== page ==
Three new genetic risk factors for kidney disease in type 2 diabetes

Three genetic variables are identified as predictors of chronic kidney disease (CKD) in Chinese patients with type 2 diabetes, according to a study in Kidney International.

The study used a new three-stage procedure to test the hypothesis that genetic variants associated with type 2 diabetes, obesity, and fasting plasma glucose might be associated with type 2 diabetes-related CKD. This process was carried out using a large clinicogenomic dataset from a prospective cohort of 2755 patients with type 2 diabetes from the Hong Kong Diabetes Registry.

The model included 25 clinical variables and 36 genetic variants associated with type 2 diabetes, obesity, or fasting plasma glucose. Clinical, genetic, and clinicogenomic models were compared, and the effect of the top selected genetic variants on the clinicogenomic model was assessed. The selected genetic variants were subsequently validated in two independent cohorts.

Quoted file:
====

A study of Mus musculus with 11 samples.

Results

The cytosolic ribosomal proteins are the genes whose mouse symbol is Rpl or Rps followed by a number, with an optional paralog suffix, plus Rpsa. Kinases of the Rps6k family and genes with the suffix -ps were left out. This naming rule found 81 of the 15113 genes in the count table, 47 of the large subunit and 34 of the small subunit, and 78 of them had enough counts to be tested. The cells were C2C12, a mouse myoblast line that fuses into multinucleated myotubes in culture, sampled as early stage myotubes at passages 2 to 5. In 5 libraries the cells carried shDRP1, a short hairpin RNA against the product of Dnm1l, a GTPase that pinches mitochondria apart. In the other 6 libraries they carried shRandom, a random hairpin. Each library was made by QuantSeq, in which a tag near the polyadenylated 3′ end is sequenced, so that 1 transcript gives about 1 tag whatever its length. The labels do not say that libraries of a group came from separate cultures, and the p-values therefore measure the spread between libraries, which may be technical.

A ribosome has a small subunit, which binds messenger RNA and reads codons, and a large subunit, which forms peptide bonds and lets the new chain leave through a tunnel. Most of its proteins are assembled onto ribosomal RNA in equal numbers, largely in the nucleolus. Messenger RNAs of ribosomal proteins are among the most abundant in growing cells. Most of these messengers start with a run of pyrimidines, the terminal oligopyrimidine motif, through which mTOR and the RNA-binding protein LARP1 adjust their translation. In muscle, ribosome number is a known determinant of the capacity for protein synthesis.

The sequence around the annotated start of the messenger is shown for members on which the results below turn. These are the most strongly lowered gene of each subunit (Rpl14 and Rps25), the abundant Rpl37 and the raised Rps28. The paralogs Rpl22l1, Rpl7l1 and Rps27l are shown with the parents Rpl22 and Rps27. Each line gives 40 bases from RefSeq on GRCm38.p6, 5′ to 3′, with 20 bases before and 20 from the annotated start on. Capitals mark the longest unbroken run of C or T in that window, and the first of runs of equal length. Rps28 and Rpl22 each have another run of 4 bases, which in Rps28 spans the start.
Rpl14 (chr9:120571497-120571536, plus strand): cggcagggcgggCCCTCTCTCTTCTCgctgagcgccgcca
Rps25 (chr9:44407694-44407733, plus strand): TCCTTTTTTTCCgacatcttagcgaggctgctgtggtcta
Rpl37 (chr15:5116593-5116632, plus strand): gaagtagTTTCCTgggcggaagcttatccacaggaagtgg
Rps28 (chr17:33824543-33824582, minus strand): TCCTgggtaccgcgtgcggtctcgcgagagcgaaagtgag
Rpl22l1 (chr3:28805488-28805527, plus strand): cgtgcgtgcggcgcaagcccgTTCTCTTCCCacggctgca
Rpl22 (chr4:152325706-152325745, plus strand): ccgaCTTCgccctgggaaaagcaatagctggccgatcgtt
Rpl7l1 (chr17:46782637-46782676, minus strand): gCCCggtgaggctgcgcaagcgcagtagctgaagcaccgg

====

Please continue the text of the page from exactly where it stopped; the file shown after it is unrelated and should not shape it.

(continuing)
Of the top six single-nucleotide polymorphisms selected from the clinico- genomic data, three were associated with significant improvement in prediction performance. These were the rs478333 variant of the gene G6PC2 and the rs7754840 and rs7756992 variants of CDKAL1. Patients with the rs478333 variant had a faster decline in eGFR—greater than 4 percent per year. On meta-analysis in replication cohorts, the associations for rs478333 and rs7754840 remained significant after adjustment for conventional risk factors.

The three implicated gene variants seem to be novel predictors of CKD associated with type 2 diabetes in a Chinese population. Jian et al. believe that their three-step process may be useful for selecting predictors of clinical outcomes in other large datasets including clinical and genetic data [Jian G, et al. Genetic and clinical variables identify predictors for chronic kidney disease in type 2 diabetes. Kidney Int 2016; 89:411–420].